Finding it difficult to practise for your interview? We’ve created a range of interview preparation tips, including practical advice, games and tips on how to prepare for the day, covering all interview question types and different learning styles. This blog is Part One – stay tuned for Part Two soon!
1. Make mind maps for each interview topic
This may be a good preparation technique if you’re a visual or linguistic learner. Take a look at our Interview Question Bank and make a large mind map for each topic. This can be a good way to plan your answers and collect your ideas in one place. Here are a few examples of how these could work:
Teamwork – These questions are usually reliant on examples, so your mind-maps for each one could feature an example of where you demonstrated the relevant skill. For this, you could jot down a specific experience you had in forming your school’s medical society to show your teamwork skills.
Knowledge of Medical School –You could create a mind-map for each medical school you’re applying to and make notes under the following headers: the teaching style of the course (do they use PBL? Is it an integrated course?), the extracurriculars offered, key facts about the medical school itself and what specifically appeals to you about the school (this should ideally be a combination of the course, learning style and perhaps some extracurriculars – not simply that you’d love to live in London for a few years!)
Medical Ethics– A mind map can be a good way to get to grips with Medical Ethics. You could write out the four pillars and apply these in bullet points to a range of different scenarios from the question bank, considering which of the four pillars are in conflict for each one.
2. Play games and explain a process to a friend
If you’re preparing for an MMI, this will be great communication practice – and is great if you’re an auditory learner. Try explaining an activity to a friend or family member as if you were teaching them for the first time. Here are a few ideas:
How would you explain tying shoelaces without using your hands?
Ask a friend to draw a floor plan layout of a building on a piece of paper – with several rooms, doors and corridors – and a door at each end, marked ‘Door A’ and ‘Door B’ – then give it to you. You should then explain to your friend how they would get from Door A to Door B in a few minutes.
Imagine your friend has never made a cup of tea before. Explain the process to them while they follow your instructions.
With a group of friends, or with your family, you could also make a bank of these types of questions, toss them into a hat, and each take it in turns to explain your card to the rest of the group – this might be a fun way to prepare, and you’ll be able to practice your communication skills at the same time!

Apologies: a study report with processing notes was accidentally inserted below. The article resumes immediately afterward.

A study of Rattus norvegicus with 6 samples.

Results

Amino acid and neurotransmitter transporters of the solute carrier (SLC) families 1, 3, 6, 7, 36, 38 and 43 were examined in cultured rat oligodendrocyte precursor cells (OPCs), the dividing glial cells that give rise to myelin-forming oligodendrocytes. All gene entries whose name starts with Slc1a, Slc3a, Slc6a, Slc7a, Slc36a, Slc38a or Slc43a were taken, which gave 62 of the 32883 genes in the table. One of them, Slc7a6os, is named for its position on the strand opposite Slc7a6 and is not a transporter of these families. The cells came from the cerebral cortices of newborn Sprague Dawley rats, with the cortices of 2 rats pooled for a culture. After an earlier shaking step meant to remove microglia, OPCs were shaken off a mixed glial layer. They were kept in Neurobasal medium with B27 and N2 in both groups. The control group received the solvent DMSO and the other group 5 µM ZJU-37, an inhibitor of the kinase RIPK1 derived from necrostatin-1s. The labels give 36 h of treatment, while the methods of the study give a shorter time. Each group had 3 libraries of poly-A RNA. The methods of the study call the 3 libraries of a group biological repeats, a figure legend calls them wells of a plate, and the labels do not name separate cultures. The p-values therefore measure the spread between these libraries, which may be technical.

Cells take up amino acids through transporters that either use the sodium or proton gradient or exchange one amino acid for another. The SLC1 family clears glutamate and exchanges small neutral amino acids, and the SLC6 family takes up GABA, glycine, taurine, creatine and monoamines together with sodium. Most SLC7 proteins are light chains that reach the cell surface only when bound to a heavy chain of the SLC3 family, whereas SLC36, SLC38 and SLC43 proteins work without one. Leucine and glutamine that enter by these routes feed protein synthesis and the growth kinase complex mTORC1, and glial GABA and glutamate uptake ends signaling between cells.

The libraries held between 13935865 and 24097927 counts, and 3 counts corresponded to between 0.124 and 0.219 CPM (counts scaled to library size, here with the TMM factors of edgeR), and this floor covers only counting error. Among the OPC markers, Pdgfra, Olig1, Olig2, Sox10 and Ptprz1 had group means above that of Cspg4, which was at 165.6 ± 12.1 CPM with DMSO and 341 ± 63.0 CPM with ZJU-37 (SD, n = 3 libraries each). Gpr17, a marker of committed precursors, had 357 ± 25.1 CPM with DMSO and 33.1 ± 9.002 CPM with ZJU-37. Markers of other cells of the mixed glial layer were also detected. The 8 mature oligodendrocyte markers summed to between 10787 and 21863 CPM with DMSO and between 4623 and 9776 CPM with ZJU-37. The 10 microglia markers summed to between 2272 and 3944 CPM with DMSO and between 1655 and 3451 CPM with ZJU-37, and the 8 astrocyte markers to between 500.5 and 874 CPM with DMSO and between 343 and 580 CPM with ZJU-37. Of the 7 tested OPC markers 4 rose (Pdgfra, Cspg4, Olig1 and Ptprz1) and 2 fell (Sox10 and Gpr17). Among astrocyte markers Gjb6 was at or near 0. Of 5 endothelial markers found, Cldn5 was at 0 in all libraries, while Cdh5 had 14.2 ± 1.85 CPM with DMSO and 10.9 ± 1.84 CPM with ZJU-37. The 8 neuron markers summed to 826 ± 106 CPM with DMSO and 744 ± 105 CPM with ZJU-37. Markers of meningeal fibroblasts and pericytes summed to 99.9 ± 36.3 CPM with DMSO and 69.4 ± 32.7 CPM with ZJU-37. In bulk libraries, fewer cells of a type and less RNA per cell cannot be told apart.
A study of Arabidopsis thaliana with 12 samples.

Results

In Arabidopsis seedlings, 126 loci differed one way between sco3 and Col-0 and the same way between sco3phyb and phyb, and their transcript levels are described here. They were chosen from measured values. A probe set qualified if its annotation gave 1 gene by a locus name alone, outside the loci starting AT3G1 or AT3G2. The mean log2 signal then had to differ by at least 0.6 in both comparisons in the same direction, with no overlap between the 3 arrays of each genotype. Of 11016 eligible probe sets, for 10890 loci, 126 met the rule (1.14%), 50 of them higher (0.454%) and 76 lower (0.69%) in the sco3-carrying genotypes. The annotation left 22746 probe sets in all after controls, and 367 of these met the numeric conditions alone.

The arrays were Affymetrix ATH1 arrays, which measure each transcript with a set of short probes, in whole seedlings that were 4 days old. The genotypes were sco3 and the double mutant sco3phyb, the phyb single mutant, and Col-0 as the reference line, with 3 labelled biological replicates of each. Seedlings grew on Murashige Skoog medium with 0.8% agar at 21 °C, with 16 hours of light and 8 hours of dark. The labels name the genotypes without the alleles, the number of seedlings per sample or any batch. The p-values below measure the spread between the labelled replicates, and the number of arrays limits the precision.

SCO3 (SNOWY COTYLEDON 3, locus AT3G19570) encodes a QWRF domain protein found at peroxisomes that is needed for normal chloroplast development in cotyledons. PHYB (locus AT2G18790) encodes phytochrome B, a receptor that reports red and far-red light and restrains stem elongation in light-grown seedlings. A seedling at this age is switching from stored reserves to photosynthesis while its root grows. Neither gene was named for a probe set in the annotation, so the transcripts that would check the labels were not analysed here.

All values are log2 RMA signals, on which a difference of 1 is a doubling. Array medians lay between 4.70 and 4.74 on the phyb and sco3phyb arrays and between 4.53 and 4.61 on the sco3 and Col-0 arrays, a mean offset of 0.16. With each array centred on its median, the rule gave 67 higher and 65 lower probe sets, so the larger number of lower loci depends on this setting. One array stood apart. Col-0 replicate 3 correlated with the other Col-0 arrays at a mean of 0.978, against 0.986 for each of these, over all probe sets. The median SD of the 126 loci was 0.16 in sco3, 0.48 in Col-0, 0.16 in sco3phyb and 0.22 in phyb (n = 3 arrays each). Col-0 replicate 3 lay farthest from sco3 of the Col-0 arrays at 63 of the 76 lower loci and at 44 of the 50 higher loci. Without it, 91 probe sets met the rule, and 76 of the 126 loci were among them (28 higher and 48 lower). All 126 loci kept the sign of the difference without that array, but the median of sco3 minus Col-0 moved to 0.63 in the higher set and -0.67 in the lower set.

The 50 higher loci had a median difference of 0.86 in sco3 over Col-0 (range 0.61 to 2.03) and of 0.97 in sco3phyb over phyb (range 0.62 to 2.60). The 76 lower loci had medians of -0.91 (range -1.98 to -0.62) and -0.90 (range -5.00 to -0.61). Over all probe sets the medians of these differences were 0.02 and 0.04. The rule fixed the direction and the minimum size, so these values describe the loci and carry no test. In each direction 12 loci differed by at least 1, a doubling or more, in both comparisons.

Another fun way to prepare for creativity questions may be to do a similar thing, and pool together a group of questions to put into a hat, such as:
How many words are in the average book?
Why do we wear shoes?
If you were stranded in the middle of the jungle, which one person would you pick to accompany you and why?
The group can then take it in turns to explain their reasoning – and you could then look at Creativity Questions for our detailed answer guides to see if you were on the right lines!
3. Highlight your work experience diary
This may a good technique if you’re struggling to apply your work experience to different scenarios. Go through your work experience diaries with a highlighter to find the key points, such as specific patient interactions or observations. After this, you could go through the Interview Question Bank and organise your experiences under different headings to help you tackle these questions in an interview. For example:
Empathy– Under this, you may want to mention any work experience you had in a care home – or where you observed other doctors or nurses communicating with patients in a kind and understanding manner, which helped you to understand the importance of empathy in a medical setting.
Personal Insight– For example, if you were asked ‘what do you think you would find hardest about being a doctor?’, you may mention that you previously found it hard to witness a patient suffering, but that your work placement at a hospital gave you the opportunity to ask colleagues for advice, which helped you with that aspect of medical work.
Teamwork– You may be asked, ‘what do you think makes a good leader?’ – look through your diary for examples of when you saw good leadership skills. Perhaps the doctors you were working with demonstrated the importance of organisation or communication skills when interacting with all members of their team.
Good luck with your interview preparation – and stay tuned for Part Two!